Being the largest of England’s islands means that the Isle of Wight has a long and rich history – not least, because its location in the English Channel has made it a prime target for invasion.
It is known that the Island’s earliest inhabitants lived here from around 1900 BC. They were known as the Beaker people because of the pottery they left behind, and they called their home ‘Wiht’, which can be translated as ‘what rises over the sea’. Later on, the invading Romans chose to call it ‘Vectis’. Evidence of Roman life on the Isle of Wight is everywhere, and includes the villa at Brading, which was once part of a wealthy farming estate.
Fast forward to the 11th century, and William the Conqueror granted overlordship of the Isle of Wight to William FitzOsbern. It was during this time that Carisbrooke Castle was built, and the castle has played a major role in the Island’s history ever since. Eventually, by 1293, ownership came into the hands of King Edward I, who paid 6,000 marks for the privilege.
The Island’s royal ownership was to be briefly interrupted during the 15th century, when Henry de Beauchamp, 1st Duke of Warwick was crowned King of the Isle of Wight by King Henry VI. However, on Beauchamp’s death, the regal title died too.
In the Middle Ages, the threat of attack was never far away. During the Hundred Years’ War, the Isle of Wight was a prime target for the French. With only Carisbrooke Castle to defend the Island, many of its towns were attacked, including Yarmouth, Newtown and Newport. The castle was continually modified during the 14th century.
By the reign of Henry VIII, the Isle of Wight had gained even greater strategic importance, with a new naval base being set up just across the Solent at Portsmouth. New fortifications were built at Yarmouth, East and West Cowes, and Sandown, and in 1545, French attacks were successfully repulsed. However, the defeat of the Spanish Armada in 1588 did little to ease fears that the Isle of Wight was vulnerable to future Spanish attack, and the Island’s defences were further strengthened.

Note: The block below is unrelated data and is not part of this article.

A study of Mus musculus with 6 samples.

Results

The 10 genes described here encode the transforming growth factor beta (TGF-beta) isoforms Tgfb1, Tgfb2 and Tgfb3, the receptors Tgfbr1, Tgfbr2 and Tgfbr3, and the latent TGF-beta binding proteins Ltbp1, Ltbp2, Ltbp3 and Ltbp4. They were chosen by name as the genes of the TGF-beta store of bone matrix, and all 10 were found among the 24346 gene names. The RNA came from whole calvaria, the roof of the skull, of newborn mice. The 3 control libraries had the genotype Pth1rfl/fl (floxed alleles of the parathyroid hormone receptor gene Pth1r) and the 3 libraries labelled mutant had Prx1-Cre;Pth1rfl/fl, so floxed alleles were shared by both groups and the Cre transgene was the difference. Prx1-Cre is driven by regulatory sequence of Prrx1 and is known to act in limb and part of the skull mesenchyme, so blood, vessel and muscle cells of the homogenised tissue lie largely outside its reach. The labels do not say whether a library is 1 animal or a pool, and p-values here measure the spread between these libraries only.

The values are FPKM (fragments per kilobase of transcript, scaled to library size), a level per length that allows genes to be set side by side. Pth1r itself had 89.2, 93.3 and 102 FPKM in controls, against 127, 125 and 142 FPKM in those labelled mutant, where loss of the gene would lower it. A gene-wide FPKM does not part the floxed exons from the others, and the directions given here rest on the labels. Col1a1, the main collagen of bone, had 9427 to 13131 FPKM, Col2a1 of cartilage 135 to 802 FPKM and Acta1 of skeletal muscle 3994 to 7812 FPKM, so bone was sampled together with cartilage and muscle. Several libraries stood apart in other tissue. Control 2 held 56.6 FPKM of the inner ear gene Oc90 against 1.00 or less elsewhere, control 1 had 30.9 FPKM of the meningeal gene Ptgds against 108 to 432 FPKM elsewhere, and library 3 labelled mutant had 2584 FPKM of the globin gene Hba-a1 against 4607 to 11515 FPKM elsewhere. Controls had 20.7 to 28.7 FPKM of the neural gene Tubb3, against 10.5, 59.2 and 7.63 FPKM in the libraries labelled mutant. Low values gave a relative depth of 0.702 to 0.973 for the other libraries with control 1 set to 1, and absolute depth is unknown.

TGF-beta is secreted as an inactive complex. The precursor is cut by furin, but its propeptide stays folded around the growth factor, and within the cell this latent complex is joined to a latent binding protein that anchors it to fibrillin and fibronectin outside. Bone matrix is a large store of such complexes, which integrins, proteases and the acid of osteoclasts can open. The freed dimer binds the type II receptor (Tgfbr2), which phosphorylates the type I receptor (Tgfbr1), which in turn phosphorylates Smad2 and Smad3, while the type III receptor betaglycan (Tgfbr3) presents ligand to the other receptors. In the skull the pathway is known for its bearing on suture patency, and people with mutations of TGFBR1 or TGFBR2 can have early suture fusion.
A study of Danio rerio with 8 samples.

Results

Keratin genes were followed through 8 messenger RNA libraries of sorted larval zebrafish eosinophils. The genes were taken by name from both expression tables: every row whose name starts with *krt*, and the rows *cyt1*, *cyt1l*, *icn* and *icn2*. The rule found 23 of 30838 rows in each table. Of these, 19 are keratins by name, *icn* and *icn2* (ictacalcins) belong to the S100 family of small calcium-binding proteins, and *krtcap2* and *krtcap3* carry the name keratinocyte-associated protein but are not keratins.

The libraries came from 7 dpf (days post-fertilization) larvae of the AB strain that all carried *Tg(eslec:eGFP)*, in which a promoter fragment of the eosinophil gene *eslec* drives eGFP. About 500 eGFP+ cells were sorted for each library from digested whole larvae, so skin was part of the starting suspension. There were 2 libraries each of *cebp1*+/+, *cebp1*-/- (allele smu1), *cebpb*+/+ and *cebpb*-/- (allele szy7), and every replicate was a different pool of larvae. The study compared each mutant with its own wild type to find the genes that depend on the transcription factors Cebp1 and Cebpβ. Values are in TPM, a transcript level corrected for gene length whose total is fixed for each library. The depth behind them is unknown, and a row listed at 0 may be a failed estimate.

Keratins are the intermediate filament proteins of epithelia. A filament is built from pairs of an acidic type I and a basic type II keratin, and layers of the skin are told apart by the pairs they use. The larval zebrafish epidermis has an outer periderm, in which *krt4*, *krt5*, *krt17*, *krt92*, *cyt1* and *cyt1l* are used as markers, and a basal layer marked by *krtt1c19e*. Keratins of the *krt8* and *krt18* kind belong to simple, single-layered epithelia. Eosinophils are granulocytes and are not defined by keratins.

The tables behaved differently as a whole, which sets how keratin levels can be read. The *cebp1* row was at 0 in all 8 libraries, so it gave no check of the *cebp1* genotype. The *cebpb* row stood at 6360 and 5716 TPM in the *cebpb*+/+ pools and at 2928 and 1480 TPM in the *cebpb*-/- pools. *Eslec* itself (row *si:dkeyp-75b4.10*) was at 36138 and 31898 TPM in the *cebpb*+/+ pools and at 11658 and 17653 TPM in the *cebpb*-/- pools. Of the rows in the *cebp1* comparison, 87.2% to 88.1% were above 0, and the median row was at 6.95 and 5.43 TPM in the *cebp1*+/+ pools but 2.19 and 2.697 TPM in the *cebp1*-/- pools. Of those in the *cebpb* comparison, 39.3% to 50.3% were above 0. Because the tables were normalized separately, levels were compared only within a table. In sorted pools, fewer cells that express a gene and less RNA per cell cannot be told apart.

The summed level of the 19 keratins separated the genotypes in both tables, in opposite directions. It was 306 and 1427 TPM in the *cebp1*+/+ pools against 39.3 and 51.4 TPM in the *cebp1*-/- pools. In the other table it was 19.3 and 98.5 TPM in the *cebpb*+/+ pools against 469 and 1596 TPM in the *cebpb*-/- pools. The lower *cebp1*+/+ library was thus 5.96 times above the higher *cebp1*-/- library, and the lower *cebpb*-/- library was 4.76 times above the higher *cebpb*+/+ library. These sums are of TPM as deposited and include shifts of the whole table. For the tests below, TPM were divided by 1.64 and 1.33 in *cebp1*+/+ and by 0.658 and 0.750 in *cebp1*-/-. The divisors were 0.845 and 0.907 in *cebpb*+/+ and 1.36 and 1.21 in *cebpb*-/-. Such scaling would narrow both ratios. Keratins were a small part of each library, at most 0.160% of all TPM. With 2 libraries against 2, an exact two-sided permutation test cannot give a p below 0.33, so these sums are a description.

The Isle of Wight achieved particular notoriety during the English Civil War, when the captured King Charles I was held prisoner at Carisbrooke Castle. He’d already made an escape attempt from Hampton Court in 1647, which led to his removal to the Isle of Wight. After several unsuccessful attempts from Carisbrooke, the king was taken to Newport, before returning to London for execution.
With the arrival of the railway age, the Island suddenly became much more accessible. For Queen Victoria, that meant being able to spend more time at Osborne House, which she used first as a retreat and then as a royal residence. Her association with the Island meant that fishing villages such as Ryde, Sandown, Shanklin and Ventnor were soon transformed into fashionable resorts, and were visited by European royalty. It was also during this period that the Isle of Wight became famous for launching the world’s first radio station, which Marconi set up on the western tip.
Even after Queen Victoria’s death, the Island’s royal connection was maintained. Her youngest daughter Princess Beatrice became Governor in 1896 and continued to spend her summers at Carisbrooke Castle until her death in 1944. In 1965, Earl Mountbatten of Burma, great nephew to Princess Beatrice, took over the governorship, although there has been no governor of the Isle of Wight since his death in 1979.